Connecticut River Valley
The Connecticut River, New England's longest, flows southwards 410 miles from its humble source at Fourth Connecticut Lake, just 300yd from the Canadian border. It forms the state boundary between Vermont and New Hampshire, before snaking its way through Massachusetts and Connecticut until it meets the Atlantic at Long Island Sound.
As you wander around Yale University's venerable campus, admiring the gorgeous faux-Gothic and Victorian architecture, it's hard to fathom New Haven's struggle to shake its reputation as a dangerous, decaying seaport. Connecticut's second-largest city radiates out from pretty New Haven Green, laid by Puritan settlers in the 1600s.
Connecticut's capital, one of America's oldest cities, is famed for the 1794 birth of the lucrative insurance industry, conceived when a local landowner sought fire insurance. Policy documents necessitated printing presses, which spurned a boom in publishing that lured the likes of Mark Twain, Harriet Beecher Stowe and Wallace Stevens.
The rolling hills in the northwestern corner of Connecticut are sprinkled with lakes and dotted with forests and state parks. Historic Litchfield is the hub of the region, but lesser-known Bethlehem, Kent and Norfolk boast similarly illustrious lineages and are just as photogenic. An intentional curb on development continues to preserve the area's rural character.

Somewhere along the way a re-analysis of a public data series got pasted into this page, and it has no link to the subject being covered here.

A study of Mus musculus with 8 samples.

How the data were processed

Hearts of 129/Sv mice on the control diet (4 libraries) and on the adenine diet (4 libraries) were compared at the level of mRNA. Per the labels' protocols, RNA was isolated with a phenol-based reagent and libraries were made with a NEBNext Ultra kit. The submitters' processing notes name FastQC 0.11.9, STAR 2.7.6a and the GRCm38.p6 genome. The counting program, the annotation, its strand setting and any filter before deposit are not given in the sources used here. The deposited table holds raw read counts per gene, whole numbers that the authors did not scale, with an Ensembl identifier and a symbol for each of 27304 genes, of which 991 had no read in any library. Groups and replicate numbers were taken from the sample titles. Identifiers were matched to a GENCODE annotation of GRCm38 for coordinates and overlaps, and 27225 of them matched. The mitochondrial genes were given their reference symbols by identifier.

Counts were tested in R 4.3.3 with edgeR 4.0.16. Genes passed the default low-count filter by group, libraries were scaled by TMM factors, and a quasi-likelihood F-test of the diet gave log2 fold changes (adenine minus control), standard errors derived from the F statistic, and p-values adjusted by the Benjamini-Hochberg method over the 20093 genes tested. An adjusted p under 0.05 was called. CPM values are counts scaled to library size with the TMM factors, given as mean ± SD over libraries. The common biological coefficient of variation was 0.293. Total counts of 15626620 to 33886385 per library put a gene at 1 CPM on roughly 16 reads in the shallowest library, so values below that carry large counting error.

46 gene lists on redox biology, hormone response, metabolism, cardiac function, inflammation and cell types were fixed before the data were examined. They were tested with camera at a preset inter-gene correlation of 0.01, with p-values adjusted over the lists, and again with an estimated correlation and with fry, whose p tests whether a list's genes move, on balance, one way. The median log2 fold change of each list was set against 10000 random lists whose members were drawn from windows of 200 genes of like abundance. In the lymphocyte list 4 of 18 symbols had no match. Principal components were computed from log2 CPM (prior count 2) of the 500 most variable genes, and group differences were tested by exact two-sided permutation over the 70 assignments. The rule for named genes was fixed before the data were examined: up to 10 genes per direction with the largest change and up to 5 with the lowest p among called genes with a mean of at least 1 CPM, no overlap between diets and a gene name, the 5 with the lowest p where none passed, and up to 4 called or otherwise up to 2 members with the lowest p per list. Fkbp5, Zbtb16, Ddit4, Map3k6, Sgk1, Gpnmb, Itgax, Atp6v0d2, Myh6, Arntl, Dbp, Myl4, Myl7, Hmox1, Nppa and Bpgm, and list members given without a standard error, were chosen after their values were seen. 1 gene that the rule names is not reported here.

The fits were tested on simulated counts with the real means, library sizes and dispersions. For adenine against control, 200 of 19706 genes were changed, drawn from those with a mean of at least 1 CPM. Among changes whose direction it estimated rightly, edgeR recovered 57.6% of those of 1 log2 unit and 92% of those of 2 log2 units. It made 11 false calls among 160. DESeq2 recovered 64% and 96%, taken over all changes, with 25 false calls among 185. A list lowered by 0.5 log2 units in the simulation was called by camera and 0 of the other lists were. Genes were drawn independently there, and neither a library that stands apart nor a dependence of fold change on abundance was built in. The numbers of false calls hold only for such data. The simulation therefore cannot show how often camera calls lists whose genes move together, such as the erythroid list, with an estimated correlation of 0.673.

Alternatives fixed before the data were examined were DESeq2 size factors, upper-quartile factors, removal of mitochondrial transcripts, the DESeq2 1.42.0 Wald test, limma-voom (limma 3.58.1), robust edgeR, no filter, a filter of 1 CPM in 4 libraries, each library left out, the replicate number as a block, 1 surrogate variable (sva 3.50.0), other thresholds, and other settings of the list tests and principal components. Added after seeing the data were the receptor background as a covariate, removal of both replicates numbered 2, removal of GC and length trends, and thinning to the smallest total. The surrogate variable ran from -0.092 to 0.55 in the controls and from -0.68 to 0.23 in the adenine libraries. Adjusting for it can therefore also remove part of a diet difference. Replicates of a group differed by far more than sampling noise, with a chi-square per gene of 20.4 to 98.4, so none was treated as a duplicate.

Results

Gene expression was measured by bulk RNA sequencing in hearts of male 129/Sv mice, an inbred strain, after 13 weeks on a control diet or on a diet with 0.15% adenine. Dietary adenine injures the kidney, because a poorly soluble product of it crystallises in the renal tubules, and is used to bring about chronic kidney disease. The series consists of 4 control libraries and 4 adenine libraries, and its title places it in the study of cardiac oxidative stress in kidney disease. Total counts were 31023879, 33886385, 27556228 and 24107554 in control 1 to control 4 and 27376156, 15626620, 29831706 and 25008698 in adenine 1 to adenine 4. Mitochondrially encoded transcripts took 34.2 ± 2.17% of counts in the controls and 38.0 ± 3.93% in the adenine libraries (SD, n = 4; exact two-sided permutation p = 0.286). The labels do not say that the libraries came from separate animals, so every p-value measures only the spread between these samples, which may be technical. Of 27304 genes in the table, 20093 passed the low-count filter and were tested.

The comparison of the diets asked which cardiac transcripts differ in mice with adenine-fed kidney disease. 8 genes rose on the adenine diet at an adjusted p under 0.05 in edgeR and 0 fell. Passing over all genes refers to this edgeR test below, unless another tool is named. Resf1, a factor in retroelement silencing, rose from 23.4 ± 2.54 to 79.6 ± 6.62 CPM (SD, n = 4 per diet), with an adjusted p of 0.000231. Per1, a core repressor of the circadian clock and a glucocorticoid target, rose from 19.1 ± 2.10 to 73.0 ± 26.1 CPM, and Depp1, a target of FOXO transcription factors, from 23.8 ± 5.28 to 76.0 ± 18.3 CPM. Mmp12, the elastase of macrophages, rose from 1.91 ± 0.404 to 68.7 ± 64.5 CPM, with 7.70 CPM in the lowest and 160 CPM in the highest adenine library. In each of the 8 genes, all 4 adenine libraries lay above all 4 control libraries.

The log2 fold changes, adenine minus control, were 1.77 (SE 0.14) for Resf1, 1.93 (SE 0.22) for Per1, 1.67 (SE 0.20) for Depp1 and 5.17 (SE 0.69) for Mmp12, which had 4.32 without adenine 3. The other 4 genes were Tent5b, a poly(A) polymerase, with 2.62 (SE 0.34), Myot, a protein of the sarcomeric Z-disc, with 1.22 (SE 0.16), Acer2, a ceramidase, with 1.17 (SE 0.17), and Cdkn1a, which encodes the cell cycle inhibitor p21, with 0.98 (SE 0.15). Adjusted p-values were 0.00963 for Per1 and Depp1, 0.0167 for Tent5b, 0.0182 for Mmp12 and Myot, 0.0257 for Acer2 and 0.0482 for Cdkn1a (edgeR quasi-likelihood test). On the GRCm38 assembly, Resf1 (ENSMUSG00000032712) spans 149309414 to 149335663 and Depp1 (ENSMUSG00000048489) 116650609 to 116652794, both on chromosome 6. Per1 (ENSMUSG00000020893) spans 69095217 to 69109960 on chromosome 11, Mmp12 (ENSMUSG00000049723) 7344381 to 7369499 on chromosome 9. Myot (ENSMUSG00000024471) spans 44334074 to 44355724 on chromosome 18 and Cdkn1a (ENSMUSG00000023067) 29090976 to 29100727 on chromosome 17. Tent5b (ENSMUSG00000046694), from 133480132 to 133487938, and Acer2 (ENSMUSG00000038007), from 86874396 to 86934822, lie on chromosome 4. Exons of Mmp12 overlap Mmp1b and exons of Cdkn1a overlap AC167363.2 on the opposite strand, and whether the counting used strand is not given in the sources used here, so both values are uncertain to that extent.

A skyline of masts greets you as you arrive in town on US 1. They belong to the vessels bobbing ever so slightly in the postcard-perfect harbor. There's a sense of self-satisfied calm and composure in the air – until suddenly a heart-stopping steamer whistle blows, followed by the cheerful cling of a drawbridge bell. You know you've arrived in Mystic.
During its golden age in the mid-19th century, New London, then home to some 200 whaling vessels, was one of the largest whaling centers in the US and one of the wealthiest port cities. In 1858 the discovery of crude oil in Pennsylvania sent the value of whale oil plummeting and began a long period of decline for the city, from which it has never fully recovered.
The Gold Coast
The southwestern corner of Connecticut, otherwise known as the Gold Coast, was once home to potato farmers and fishermen until 19th-century railroads brought New Yorkers north. With their blue-chip companies they transformed Fairfield County into one of the wealthiest regions in the USA, with the affluent town of Greenwich at its heart.
Five miles east of Mystic on US 1, Stonington is Connecticut’s oldest ‘borough’ and one of the most appealing towns on the coast. Laid out on a peninsula that juts into Long Island Sound, the town's compact footprint is scattered with photogenic 18th- and 19th-century houses, many of which were once sea captains' homes.
Travelling south from New Haven, you enter Fairfield County via affluent Westport, dubbed 'Beverly Hills East' for its popularity as a retreat for artists, writers and film stars. Despite its links to the rich and famous, the town otherwise bears no resemblance to Beverly Hills whatsoever.